May 23, 2017

The Pew Research Center last week released the results of its latest survey examining internet use among American adults. The study indicates the digital divide between senior citizens and younger people is certainly narrowing. Specifically, Pew announced that, “for the first time, half of older Americans now have broadband at home.”

The Pew study also shows:

  • 78 percent of Americans own a desktop or laptop computer;
  • 90 percent of Americans use the internet at least occasionally, up from 46 percent in 2000;
  • 92 percent of internet users say they can go online at home;
  • 77 percent of internet users say they use the internet “almost constantly” or several times a day;
  • 95 percent of Americans have cell phones and, of those who do, 81 percent are smartphone owners;
  • 73 percent of Americans say they have broadband access at home, up from one percent in 2000;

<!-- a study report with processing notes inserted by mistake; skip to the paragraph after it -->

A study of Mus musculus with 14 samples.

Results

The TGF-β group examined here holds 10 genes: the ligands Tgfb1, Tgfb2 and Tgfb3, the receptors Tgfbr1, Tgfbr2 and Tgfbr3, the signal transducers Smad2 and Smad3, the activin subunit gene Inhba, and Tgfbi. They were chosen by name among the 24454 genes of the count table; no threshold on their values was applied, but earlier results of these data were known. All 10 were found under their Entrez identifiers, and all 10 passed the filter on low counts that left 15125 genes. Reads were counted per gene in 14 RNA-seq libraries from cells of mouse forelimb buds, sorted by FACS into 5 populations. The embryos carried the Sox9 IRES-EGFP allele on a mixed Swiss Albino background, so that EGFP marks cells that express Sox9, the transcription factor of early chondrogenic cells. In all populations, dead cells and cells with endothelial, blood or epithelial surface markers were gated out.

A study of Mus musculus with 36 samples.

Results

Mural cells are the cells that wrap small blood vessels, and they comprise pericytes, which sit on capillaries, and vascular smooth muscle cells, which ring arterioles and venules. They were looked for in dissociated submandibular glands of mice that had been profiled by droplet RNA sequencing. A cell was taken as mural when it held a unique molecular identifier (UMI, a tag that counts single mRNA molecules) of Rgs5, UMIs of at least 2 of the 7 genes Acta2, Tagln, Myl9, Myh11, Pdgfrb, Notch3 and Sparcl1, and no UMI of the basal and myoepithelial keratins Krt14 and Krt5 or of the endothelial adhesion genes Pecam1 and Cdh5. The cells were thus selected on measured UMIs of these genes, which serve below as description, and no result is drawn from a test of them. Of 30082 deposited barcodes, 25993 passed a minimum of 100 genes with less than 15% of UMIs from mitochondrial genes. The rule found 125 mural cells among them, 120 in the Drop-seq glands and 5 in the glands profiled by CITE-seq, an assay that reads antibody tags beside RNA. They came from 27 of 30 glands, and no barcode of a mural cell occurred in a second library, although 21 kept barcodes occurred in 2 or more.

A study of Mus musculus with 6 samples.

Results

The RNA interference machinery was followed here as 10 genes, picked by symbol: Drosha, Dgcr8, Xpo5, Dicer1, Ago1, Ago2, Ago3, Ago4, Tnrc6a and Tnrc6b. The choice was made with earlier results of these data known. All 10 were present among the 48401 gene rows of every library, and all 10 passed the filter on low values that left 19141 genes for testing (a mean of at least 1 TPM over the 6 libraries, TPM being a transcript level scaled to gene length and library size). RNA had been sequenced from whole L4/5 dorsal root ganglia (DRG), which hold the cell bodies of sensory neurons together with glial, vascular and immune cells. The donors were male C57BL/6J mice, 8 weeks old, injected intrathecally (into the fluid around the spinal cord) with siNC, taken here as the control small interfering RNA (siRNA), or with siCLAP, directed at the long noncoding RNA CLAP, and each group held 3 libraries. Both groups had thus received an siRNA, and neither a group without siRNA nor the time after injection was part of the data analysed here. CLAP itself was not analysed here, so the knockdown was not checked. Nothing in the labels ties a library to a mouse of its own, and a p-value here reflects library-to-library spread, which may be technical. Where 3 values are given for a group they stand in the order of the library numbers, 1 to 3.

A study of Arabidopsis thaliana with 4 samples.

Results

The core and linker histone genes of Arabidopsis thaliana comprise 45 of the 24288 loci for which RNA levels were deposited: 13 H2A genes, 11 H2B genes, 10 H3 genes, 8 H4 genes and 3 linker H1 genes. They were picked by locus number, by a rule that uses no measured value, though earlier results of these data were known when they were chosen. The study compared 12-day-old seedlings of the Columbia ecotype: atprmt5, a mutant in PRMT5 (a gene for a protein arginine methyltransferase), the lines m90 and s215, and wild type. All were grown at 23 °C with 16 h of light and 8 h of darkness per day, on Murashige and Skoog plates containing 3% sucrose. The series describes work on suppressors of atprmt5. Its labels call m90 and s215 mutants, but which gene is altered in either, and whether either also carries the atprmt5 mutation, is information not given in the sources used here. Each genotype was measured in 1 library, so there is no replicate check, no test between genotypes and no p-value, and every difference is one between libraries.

• Half of seniors (51 percent) have high- speed Internet at home, up from 47 percent in 2013.

Despite these gains, Pew notes that one-third of senior citizens say they never use the internet. Older seniors are the most unlikely to go online. Pew explains: “Seniors ages 65 to 69 are about twice as likely as those ages 80 and older to say they ever go online (82 percent vs. 44 percent) or have broadband at home (66 percent vs. 28 percent) …”

This could indicate that many seniors don’t use the internet because they don’t think it’s relevant to them. They aren’t looking for jobs, or taking adult education classes. Maybe they’re not even shopping online.

If that’s true, then one thing local leaders could do to help bridge the remaining divide—rather than building broadband networks—is help seniors to understand the benefits of, and how to use, tech devices. Indeed, Pew found that three-quarters of senior citizens say they need to ask for help when they buy a new device. (In contrast, only 17 percent of Americans under the age of 30 say they need help booting up.) A third of seniors say they have little to no confidence in their ability to use electronic devices to perform online tasks.

As the Coalition for the New Economy has argued before, there is a place for local leaders when it comes to bringing the internet to underserved populations. It just doesn’t have to mean building a taxpayer-financed broadband network.